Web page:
Scotland rides the winds of change

Scottish ministers have approved a 23 turbine extension on the Black Law wind farm, North Lanarkshire and confirmed the construction of the Blackcraig wind farm, near New Galloway. The plans […]


Scottish ministers have approved a 23 turbine extension on the Black Law wind farm, North Lanarkshire and confirmed the construction of the Blackcraig wind farm, near New Galloway.

The plans for the building of the turbines are part of a broad and successful surge in Scottish renewables, as the country scrapped its 50% renewable energy targets in favour of an 80% goal for 2020.

42 new renewables projects have now been consented n the past four years, totalling more than 2,000 MW of power output.

Both projects will build 23 turbines, providing 69 MW of electricity.

Jim Mather, Energy Minister, said of the Black Law site: “Black Law is already a successful wind farm that has turned an open cast mine into a green energy centre. Once the extension is complete, the wind farm will generate enough green electricity to power 98,000 homes. The development is also good for the local economy, with around 80 new jobs during construction and renewed opportunities for local contractors.”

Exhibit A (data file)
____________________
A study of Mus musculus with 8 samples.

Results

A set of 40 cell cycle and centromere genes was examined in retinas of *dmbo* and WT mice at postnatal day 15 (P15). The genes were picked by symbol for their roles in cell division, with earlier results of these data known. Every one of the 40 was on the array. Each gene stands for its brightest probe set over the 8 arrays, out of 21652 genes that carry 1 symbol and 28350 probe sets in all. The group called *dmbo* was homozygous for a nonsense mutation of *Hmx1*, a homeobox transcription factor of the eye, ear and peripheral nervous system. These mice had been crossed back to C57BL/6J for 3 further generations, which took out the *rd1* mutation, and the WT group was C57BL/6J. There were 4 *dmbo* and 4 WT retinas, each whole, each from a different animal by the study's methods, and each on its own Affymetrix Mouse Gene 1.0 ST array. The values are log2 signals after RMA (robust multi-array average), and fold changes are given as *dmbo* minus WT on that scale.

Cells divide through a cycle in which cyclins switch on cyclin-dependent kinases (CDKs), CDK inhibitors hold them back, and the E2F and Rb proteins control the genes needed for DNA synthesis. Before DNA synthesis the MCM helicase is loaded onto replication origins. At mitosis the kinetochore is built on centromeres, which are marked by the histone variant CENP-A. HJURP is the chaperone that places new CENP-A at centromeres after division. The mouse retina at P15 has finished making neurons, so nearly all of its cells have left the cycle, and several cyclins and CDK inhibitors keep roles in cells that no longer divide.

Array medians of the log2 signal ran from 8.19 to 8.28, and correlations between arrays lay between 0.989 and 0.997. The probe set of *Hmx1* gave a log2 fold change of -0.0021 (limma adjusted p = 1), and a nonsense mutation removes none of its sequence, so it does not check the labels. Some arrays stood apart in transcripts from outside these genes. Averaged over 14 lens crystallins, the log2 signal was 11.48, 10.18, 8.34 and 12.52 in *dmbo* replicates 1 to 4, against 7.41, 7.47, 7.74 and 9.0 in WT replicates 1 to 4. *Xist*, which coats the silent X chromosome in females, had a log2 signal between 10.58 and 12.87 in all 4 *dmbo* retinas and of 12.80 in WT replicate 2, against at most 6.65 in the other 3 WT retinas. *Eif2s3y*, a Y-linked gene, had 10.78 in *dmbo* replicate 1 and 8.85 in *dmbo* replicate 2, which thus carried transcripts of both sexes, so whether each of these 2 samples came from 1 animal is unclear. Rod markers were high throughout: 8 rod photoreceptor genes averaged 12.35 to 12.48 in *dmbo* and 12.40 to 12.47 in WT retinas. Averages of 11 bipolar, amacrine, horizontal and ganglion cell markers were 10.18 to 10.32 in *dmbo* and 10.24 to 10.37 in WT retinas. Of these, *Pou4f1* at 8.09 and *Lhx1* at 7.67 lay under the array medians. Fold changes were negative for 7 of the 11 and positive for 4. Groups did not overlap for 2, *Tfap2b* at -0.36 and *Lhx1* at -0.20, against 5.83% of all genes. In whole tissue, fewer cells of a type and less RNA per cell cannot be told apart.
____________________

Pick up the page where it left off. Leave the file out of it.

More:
Since 2007 the Scottish Government has made 50 applications for renewable energy projects, with 42 being consented- more than double the number of determinations than over the whole of the previous four years.

In 2009, 27% of demand came from renewables. There is around 7 GW of renewable capacity installed, under construction or consented around Scotland, which will take Scotland beyond the interim target of 31 per cent of Scotland’s electricity demand from renewables by 2011.